Coronavirus creates glut for Georgia vegetable growers

Bell peppers and other fresh vegetables from south Georgia are sold up and down the East Coast, but the coronavirus has disrupted the market in 2020. PHOTO CREDIT: Walter Reeves

Cows are munching down zucchini, yellow squash and cabbage that Southern Valley Fruit and Vegetable farms grew and picked for restaurants and other institutions.

It’s one way the company is trying to make use of the glut of south Georgia vegetables caused by the closure of dining spots, schools and other big buyers. South Georgia farmers ship food from Florida to Canada, but the closures cost them 40- to 50% of their market. Growers are caught between being unable to sell all their crop and selling what they can in a flooded market with dropping prices.

The pandemic has put farmers in line for a third — for some a fourth — tough year thanks to bad weather and the Chinese tariff war blockages. Georgia’s $13.7 billion agricultural industry is likely to see losses that will ripple up and down the economic ladder, especially in rural communities like Colquitt County, where Southern Valley is located. The vegetable business brought $167 million into the county in 2018, according to numbers from the University of Georgia.

“If commerce continues during our season the way it was during Florida’s season, then you will see the same effects that you saw in Florida,” said Jon Schwalls, the executive officer at Southern Valley. “It’s inevitable.”

There, farmers plowed under thousands of acres of fresh vegetables, and with them their hopes to avert a loss in 2020.

Besides turning vegetables into cow fodder, Southern Valley has donated food from it’s 3,000 south Georgia acres to helping agencies across the Southeast. But some of the corn, eggplant, peppers, broccoli and tomatoes ripening in the fields are likely to to go waste as the picking season is just starting.

“We have faced so much adversity over the past several years, I think there is a high probability that some won’t survive,” Schwalls said.

Gary Black, the state agricultural commissioner along with the University of Georgia's agricultural college and its network of farm cooperative extension offices are scrambling to create markets for Georgia produce from asparagus to zucchini. Also, some help could come from the federal Department of Agriculture under Secretary Sonny Perdue, which is starting a new national Farmers to Families Food Box program to buy and distribute up to $3 billion in meat and produce.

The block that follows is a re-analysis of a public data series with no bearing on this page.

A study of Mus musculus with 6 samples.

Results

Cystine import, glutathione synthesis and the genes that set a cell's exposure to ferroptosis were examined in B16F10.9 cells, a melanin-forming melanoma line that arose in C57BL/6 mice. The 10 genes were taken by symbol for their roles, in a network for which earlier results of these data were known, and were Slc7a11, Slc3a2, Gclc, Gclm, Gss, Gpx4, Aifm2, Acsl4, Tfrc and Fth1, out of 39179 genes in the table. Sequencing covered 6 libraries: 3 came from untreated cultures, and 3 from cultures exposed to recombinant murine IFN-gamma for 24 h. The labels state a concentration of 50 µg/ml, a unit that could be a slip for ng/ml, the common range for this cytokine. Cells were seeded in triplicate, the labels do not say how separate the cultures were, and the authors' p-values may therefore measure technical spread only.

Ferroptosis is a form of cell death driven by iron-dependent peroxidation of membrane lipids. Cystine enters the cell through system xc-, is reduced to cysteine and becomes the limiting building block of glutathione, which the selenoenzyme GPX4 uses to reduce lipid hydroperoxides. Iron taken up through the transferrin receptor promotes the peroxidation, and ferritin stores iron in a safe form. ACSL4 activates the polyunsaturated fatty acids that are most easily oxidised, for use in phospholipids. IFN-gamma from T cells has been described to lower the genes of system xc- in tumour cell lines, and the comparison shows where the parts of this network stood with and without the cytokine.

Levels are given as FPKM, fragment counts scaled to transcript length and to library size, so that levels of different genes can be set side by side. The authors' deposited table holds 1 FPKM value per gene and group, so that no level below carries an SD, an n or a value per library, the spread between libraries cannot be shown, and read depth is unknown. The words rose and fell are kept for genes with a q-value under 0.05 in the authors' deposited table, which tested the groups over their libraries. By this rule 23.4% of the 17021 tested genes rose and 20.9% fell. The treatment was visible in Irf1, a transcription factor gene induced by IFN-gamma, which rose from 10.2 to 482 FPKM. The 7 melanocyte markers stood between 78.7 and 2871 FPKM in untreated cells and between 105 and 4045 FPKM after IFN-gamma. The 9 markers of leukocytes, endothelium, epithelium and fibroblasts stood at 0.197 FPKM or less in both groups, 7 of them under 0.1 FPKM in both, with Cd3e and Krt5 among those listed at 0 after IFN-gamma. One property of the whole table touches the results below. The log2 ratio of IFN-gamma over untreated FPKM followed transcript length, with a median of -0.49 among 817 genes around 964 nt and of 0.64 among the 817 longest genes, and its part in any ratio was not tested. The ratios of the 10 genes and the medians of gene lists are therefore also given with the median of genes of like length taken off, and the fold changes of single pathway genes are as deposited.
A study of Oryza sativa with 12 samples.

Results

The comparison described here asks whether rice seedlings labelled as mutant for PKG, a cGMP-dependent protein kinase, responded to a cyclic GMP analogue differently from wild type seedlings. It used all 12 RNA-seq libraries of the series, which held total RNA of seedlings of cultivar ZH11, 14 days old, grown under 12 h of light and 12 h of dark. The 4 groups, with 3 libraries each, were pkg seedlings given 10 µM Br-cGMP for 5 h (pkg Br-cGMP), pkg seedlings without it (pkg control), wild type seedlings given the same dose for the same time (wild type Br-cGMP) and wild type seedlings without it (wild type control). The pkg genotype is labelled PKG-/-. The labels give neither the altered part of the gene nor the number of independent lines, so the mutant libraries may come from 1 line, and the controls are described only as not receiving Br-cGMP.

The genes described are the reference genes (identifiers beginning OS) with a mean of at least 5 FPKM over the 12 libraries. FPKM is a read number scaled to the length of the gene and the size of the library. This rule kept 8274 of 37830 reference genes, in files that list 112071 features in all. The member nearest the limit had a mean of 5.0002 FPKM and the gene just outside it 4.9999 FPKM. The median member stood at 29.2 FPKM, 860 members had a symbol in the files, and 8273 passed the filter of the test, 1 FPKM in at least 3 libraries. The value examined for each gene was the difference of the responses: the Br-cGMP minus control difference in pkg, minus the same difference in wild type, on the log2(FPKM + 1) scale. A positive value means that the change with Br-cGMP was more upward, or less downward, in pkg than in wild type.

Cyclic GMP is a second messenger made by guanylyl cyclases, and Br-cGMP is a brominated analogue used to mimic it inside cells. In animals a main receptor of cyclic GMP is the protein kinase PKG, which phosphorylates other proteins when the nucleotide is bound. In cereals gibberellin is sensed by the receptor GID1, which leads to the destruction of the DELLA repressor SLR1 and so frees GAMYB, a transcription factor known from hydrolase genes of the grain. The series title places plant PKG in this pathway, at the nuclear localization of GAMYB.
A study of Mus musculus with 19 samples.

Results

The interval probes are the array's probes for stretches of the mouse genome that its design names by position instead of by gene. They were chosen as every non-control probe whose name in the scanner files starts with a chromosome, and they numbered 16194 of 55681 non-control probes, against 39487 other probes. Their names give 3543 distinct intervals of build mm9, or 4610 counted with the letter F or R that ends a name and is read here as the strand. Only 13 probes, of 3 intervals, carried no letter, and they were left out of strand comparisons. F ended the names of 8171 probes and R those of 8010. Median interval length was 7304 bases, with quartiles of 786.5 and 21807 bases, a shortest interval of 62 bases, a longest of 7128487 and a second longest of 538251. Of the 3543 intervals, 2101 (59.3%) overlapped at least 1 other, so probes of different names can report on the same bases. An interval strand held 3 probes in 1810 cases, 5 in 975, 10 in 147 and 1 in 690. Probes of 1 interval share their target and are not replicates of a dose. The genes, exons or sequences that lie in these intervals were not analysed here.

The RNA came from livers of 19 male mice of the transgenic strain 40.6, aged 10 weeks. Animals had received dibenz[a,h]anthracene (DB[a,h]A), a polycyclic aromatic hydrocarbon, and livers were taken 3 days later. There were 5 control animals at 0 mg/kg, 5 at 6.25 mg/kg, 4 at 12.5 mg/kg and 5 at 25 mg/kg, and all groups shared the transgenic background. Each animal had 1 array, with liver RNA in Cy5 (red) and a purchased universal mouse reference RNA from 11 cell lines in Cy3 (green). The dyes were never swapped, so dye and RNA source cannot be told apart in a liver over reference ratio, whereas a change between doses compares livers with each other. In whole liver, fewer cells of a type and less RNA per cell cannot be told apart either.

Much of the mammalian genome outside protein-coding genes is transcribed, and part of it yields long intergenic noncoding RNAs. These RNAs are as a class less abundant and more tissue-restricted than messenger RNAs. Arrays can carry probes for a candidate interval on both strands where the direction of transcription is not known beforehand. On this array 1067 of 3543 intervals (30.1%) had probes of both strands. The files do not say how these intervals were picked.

“It’s rare that you can see a storm coming,” Black said. But Florida’s sudden collapse of its winter vegetable market gave Georgia a good forecast.

His staff, UGA extension workers and farmers have been brainstorming ideas to open new markets for Georgia crops. Black said his workers met with representatives from 60 hospitals last week to create a cooperative to buy Georgia vegetables. The university's cooperative extension offices are helping sell boxes of vegetables direct to consumers, and other teams are working on a project to create pop-up farmer's markets in Atlanta and other locations.

“But rather than have a pickup truck variety market, we may be looking at 53-foot, 18-wheel truck variety,” Black said.

Georgians can also expect to see and hear commercials to buy fresh Georgia produce, especially as inexpensive fruits and vegetables from Mexico which were not sold there are pushed here.

That could slow any recovery for Georgia farmers.

“We are beginning to see Mexican blueberries and broccoli, and we expect to see other vegetables coming in,” said Charles Hall, director of the Georgia Fruits & Vegetable Growers Association.

“How quickly the restaurant and food service industry recovers will help us. The question is how fast that will come back around.”

As the picking season in Georgia has just begun and the food service businesses that were closed are just beginning to reopen, it’s difficult to forecast how the 2020 farm season in Georgia will pan out. Farmers will soon have to begin making decisions about what to plant and how much to plant in summer crops, which will be harvested in the fall.

That will be tough in the current environment.

“We have got to get little further into season,” Hall said. “We will know as far as how much hurt has been done then. But you almost have to get through entire season to know where you are at.”